Reading up on the news this morning, as usual, I read that people by the millions spent much of the afternoon yesterday watching a balloon chase, thinking that a little boy was inside the balloon. Later they learned that there was really no drama at all, and that it might have been a hoax.

I wish that every American had a chance to participate in a sport that English majors take very seriously: Sitting around with other lovers of stories and discussing the question “What is the meaning of this story?”

The boy-in-the-balloon story was never much of a story. It’s even a boring story, and if I had been watching cable TV (I don’t have cable TV) I would have clicked right past it.

Orson Scott Card is one of the few people — or few writers, for that matter — who has a well developed theory of stories. Card believes that stories are a basic human need, that people are constantly hungry for stories. People are so hungry for stories, he believes, that we require stories every day, like food and water. But Card also recognizes that there are good stories and stories that are not so good. If people can’t get good stories, they will consume bad stories.

And so, as stories go, the boy-in-the-balloon story was a junk-food story, high in cable-TV calories but low in nutrition. It contained no meaning. It was pathos. It was merely pathetic.

Meaningless stories about pathos are very different from stories that contain elements of tragedy. Senseless loss of life happens every day. That is always sad, but it is not always tragic. Try as we may, we can’t find much meaning in senseless loss of life. If there is a tragic element (and therefore meaning) in, say, sudden loss of life in a car accident, a large part of the existential element is its very senselessness and meaninglessness. “That’s all? That’s it?” we might ask ourselves.

Some troublemaker in the back of the class pipes up with a question. “What about the senseless death of Princess Diana in a car accident? Did that have any meaning?” He has a smirk on his face as he asks the question, expecting to see his classmates get themselves into knots to try to argue that there was some kind of meaning in Princess Diana’s death.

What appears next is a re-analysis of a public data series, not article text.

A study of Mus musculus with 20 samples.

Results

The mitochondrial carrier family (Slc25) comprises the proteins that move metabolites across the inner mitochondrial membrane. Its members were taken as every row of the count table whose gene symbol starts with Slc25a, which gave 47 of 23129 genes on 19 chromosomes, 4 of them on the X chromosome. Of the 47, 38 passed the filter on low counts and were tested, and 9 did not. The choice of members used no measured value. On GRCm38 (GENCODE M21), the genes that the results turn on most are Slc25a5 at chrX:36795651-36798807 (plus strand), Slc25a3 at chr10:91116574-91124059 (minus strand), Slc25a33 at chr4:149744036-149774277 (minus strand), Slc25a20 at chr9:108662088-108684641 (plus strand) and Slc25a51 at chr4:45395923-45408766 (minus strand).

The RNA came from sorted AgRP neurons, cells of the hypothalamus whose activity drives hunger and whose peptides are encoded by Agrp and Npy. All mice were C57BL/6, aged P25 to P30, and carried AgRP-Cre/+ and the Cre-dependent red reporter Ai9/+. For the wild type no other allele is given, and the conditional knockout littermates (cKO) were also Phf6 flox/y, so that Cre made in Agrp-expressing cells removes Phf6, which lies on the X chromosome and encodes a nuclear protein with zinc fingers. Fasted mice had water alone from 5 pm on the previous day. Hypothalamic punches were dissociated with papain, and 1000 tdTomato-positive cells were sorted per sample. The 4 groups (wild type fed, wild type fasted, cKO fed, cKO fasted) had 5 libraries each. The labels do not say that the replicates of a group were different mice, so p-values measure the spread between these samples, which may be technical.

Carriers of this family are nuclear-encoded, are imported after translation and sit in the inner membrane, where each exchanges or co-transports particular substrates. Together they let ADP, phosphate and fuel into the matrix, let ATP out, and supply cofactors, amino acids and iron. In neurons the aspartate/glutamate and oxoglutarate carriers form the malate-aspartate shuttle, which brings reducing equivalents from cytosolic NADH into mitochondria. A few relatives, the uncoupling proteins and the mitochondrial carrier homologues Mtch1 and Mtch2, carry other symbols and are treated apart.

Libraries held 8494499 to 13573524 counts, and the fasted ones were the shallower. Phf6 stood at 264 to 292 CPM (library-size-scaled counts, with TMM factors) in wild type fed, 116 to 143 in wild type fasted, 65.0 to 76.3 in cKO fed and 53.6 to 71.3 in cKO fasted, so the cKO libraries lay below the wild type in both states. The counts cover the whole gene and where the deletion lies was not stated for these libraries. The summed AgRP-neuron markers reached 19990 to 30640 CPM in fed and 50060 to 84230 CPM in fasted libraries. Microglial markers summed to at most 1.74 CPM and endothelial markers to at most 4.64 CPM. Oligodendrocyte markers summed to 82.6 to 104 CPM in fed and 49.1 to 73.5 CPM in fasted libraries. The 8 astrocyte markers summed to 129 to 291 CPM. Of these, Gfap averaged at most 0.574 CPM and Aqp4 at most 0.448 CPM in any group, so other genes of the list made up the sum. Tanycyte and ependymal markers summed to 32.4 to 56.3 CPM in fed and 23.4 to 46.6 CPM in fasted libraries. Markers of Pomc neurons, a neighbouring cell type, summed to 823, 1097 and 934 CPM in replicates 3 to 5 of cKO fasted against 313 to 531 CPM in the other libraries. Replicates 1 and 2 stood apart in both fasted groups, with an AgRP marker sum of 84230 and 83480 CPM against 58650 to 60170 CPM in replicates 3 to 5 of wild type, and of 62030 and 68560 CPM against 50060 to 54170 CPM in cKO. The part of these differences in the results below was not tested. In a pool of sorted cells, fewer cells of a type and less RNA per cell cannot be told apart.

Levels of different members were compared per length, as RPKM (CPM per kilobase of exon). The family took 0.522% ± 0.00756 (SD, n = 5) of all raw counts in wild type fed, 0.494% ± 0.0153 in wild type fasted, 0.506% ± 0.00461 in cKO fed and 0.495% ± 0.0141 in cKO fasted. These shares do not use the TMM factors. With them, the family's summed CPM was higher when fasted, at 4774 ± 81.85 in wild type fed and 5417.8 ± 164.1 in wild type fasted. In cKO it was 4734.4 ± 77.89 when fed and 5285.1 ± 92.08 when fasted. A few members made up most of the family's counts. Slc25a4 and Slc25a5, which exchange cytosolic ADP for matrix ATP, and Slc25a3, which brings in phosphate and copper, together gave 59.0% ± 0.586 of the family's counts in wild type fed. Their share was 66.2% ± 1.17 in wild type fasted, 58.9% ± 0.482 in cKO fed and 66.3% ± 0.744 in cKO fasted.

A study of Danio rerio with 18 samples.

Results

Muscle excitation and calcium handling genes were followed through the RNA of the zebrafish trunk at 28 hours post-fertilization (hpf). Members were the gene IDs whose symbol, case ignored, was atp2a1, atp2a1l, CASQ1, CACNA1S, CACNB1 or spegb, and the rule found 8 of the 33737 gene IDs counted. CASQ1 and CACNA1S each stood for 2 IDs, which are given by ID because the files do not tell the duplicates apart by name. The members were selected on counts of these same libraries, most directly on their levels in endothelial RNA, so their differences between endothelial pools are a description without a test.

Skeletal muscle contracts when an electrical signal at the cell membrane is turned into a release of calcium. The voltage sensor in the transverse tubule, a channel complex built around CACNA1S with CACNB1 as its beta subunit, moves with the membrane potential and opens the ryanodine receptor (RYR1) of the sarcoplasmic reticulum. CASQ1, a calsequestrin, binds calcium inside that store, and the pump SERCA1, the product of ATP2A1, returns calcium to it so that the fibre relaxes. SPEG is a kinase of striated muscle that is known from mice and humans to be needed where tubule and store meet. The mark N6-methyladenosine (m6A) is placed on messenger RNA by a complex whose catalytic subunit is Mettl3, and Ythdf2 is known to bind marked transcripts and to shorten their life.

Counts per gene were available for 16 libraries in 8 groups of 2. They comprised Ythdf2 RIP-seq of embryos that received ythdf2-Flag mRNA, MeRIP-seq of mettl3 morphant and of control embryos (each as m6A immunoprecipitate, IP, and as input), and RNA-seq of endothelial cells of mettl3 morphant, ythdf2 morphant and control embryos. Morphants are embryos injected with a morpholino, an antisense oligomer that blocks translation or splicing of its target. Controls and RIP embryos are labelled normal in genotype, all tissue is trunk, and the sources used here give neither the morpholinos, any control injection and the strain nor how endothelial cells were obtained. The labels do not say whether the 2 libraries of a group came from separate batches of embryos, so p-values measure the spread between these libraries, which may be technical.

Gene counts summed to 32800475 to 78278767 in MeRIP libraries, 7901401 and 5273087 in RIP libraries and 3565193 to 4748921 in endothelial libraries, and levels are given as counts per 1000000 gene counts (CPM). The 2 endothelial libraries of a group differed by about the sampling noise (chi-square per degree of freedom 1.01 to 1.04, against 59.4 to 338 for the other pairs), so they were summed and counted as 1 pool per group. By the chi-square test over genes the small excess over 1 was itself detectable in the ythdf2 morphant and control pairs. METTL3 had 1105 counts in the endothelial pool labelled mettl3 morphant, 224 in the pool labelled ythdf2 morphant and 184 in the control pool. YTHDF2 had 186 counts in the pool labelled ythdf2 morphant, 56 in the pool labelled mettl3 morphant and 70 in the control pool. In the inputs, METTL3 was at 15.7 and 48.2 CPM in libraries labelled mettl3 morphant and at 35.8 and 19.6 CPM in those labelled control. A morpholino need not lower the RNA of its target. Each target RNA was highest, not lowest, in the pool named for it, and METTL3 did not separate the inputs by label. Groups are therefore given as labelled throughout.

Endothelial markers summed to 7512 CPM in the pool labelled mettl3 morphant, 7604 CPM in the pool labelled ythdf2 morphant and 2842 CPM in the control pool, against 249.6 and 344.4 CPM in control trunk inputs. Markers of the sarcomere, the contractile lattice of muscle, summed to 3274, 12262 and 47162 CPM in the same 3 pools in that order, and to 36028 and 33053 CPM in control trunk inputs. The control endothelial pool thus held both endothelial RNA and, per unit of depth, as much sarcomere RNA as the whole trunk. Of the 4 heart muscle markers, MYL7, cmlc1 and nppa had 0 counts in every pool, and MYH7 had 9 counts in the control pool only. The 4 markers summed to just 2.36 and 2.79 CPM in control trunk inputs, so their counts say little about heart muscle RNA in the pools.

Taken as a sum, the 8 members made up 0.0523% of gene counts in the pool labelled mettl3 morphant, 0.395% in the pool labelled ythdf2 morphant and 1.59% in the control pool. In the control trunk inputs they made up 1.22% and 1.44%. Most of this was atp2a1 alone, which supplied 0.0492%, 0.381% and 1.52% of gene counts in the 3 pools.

“No,” says a boy in the front row. “There was no meaning. It was just that she was famous. And pretty.”

But a not-very-pretty girl in glasses, who has read lots of stories about princesses, speaks up. “Princess Diana’s death had pathetic elements, certainly. But it was a tragedy,” she says. “Because her life was a modern fairy tale. She showed millions of people that to be royal had nothing to do with the parents you happened to be born to. To be a princess is about who you are, or what you became. A true princess shines brighter than the dullard prince she married, brighter than the queen. Diana tried to make the world a better place. When she died, it was as though we knew her. She was the people’s princess. When she left us, we were more alone somehow. Her light was so bright that it helped us all to see. Without her, we are on our own now, like children in the woods. We have no princess anymore, unless we can find that princess inside our own selves.”

If you ask Orson Scott Card why a writer would kill off a character that the reader has fallen in love with, this is what he’d say. That in a good story, a beloved character dies so that the reader, missing that character and grieving for that character, will make that character a part of himself or herself. The reader will be changed.

Once upon a time, when I worked on a newspaper copy desk, we actually had serious discussions about where to play a particular story. “People will want to read it,” we might say, “But it’s pure pathos. It has no meaning.” And so we would bury the story.

I don’t think news people have discussions like that very much anymore. On television, and on the web, if it bleeds, it leads.

That’s why I don’t watch the news on television. It isn’t worth the time, because they have too many cameras and pathetic taste in stories.